The struggle of saving Liches and the Undead for the final day was really painful, but worth it in the end. Why? Because there was, believe it or not, an actual order to this week. The posts began with tyrannical, evil leaders, a sub-type of villain characterized by a constant craving for more power, and it ends with Liches and the Undead. Like Old Gods and Invading Species, Liches and Undead don’t necessarily want power. Their motives aren’t always known. More often than not, however, these three types of villains (well, it’s more a guaranteed thing with the Old Gods and the Liches) are all about destruction. Invading Species may show up and eradicate any resistance before continuing with their plans. They may be doing so to pave the path for world domination, or they could be setting up for planetary destruction. The Old Gods could very well have deeper motivations that aren’t always made clear through their actions, but the ultimate goal usually seems destruction and the further-spreading of madness.
Liches, however, and their Undead legions are delightful in that their endgame typically revolves around one guiding principle: the eradication of all life. Unlike Invading Species and Old God counterparts with the same goal, the Undead have one added trick that helps make them such a formidable agent of chaos: the more death they cause, the greater their own numbers become. The Undead, however, are notorious for not being the easiest creatures to keep indisposed. There’s necromancy for raising new undead creatures (or bringing back the fallen ones), viruses and plagues that lead to undeath, and so on and so on. Whether created by magic or malady, once the Undead show up they are guaranteed to keep on keeping on until they are stopped at the source. Not all Undead are subservient to a higher power, such as Liches, as evidenced by The Walking Dead and George Romero’s (Whatever) of the Dead.
That’s where Liches come in. Liches are defined as powerful magic-users who have made a gamble at immortality by stashing their souls away in objects. Liches seem to vary from story to story in terms of overall personality, behavior, and exact driving forces, but the basics stay relatively close to the same. Their souls are stored in an object, typically similar to an urn, called a phylactery. This allows the Lich to survive having its physical form destroyed as though it were merely a minor inconvenience (I could have said it’s merely a setback, but…well, now I have said it). Their usual plan of action is to eradicate all other life, leaving only the Undead to roam about or just simply ending all life. As masters of their fellow Undead, Liches also often have some command of mind control spells and act as the driving force in a sort of hive-mind collective.
In most cases, they are still very powerful users of magic. The type of magic seems to vary from one Lich to the next, however. Final Fantasy’s Liches are associated with Earth magics, the Lich/Lich King in Adventure Time seems to be associated with Fire magic, and the Liches in World of Warcraft are heavily associated with Ice/Frost.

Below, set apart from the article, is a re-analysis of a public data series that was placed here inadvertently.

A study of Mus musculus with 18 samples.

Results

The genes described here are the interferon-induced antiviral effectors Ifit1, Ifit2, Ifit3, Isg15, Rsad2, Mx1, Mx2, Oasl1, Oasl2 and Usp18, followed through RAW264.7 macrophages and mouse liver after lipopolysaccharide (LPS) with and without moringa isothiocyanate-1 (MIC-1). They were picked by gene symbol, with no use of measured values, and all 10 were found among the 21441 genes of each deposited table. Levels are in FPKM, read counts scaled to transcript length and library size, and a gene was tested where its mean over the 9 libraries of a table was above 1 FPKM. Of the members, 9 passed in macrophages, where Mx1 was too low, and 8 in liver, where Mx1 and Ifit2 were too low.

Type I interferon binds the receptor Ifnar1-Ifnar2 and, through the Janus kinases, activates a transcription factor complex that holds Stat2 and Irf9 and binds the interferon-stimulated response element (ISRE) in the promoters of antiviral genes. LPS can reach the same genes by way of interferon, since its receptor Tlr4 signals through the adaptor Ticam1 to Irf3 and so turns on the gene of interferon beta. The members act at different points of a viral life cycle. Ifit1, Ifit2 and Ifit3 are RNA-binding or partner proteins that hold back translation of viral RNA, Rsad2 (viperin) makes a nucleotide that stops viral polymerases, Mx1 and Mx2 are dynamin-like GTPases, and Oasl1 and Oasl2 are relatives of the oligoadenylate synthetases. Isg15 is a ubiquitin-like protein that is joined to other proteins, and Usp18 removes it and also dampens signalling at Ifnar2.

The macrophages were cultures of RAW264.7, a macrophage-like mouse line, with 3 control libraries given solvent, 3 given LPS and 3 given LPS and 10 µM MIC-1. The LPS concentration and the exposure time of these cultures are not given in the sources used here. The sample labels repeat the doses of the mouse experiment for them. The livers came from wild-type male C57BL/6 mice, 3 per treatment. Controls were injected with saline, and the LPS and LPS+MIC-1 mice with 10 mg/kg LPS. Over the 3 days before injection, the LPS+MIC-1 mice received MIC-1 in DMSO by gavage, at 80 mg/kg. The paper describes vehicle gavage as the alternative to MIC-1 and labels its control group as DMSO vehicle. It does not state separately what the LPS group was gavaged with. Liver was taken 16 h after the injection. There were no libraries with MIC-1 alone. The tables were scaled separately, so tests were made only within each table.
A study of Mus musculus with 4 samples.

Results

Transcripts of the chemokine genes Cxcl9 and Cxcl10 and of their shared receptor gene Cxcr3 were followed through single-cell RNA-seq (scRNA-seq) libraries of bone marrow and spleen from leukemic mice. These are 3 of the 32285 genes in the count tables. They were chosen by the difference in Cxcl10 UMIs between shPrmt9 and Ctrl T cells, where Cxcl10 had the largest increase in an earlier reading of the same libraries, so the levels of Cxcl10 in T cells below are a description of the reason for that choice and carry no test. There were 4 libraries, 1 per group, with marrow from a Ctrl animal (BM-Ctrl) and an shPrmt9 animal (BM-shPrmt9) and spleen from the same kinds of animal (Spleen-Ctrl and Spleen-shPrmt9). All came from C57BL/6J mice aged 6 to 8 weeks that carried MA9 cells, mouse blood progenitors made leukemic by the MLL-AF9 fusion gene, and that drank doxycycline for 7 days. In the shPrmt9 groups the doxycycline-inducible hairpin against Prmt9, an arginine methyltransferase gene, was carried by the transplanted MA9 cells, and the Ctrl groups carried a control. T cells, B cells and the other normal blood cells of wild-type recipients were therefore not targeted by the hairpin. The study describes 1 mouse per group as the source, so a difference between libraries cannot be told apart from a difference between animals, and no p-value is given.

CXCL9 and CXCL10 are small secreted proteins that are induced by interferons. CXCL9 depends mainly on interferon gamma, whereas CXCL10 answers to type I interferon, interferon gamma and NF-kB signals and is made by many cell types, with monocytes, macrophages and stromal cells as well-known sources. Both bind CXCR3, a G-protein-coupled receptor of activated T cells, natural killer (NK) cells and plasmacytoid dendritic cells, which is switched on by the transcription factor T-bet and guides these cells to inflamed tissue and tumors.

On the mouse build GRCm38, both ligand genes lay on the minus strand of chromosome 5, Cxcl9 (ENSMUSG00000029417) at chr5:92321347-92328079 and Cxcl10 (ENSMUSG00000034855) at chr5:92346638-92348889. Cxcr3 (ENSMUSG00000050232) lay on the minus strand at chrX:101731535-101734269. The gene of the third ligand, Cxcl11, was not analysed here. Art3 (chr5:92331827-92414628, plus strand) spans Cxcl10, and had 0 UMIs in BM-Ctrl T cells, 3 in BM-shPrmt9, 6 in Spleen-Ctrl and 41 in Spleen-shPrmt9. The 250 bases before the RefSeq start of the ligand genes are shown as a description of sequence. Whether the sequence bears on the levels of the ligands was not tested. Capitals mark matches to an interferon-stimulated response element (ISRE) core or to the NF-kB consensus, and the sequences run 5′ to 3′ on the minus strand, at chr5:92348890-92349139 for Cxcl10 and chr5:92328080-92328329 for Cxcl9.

The Lich (Adventure Time) –
Setting aside just how bone-chillingly terrifying Ron Perlman is at voicing this character, here’s one Lich who really embodies the idea of Undead characters ending all life. The Lich was (probably?) created as a result of The Mushroom War, and appears to draw its power from a place where some of the Mushroom Bomb’s fallout remains. He is clearly one of the most powerful forces of evil in all of Ooo (and its neighboring worlds and dimensions), as evidenced by Hunson Abadeer (the ruler of the Nightosphere) considering him to be a worthy adversary. His influence and ability to mind control anyone nearby, coupled with his desire to end all life, are both only small parts as to why this Lich is a force to be reckoned with.
The Lich King (World of Warcraft) –
Here’s some more half-assed lore to get into this properly. The Lich King controls the Scourge, the vast majority of Azeroth’s Undead, by way of a telepathic link. His will is their will, essentially. The bulk of the Lich King’s power comes from all of the souls fed into Frostmourne, his reliable, evil sword with an insatiable appetite. Unlike the standard Lich, Arthas (or whoever so happens to be the Lich King at the time, really) doesn’t stash his soul away in a phylactery. Instead, the Lich King is essentially whoever wears the Lich King’s crown. Without guidance from a King, the Undead of the Scourge would roam free and kill everything in their path. With, in most cases, guidance from a Lich King, the Scourge still destroy everything in their path. There’s just more organization involved in the process.
Lich (Final Fantasy) –
The Lich is a recurring boss encounter in the Final Fantasy games, and is typically the evil blight affecting the Earth Crystal. Comparatively speaking, aside from being a particularly frustrating boss encounter if you’re not sufficiently prepared, this Lich isn’t nearly as formidable as its peers.
So that’s it for a Celebration of Characters: The Villains Edition. Next week, starting tomorrow, I’ll be cleaning up this mess with a celebration of heroes.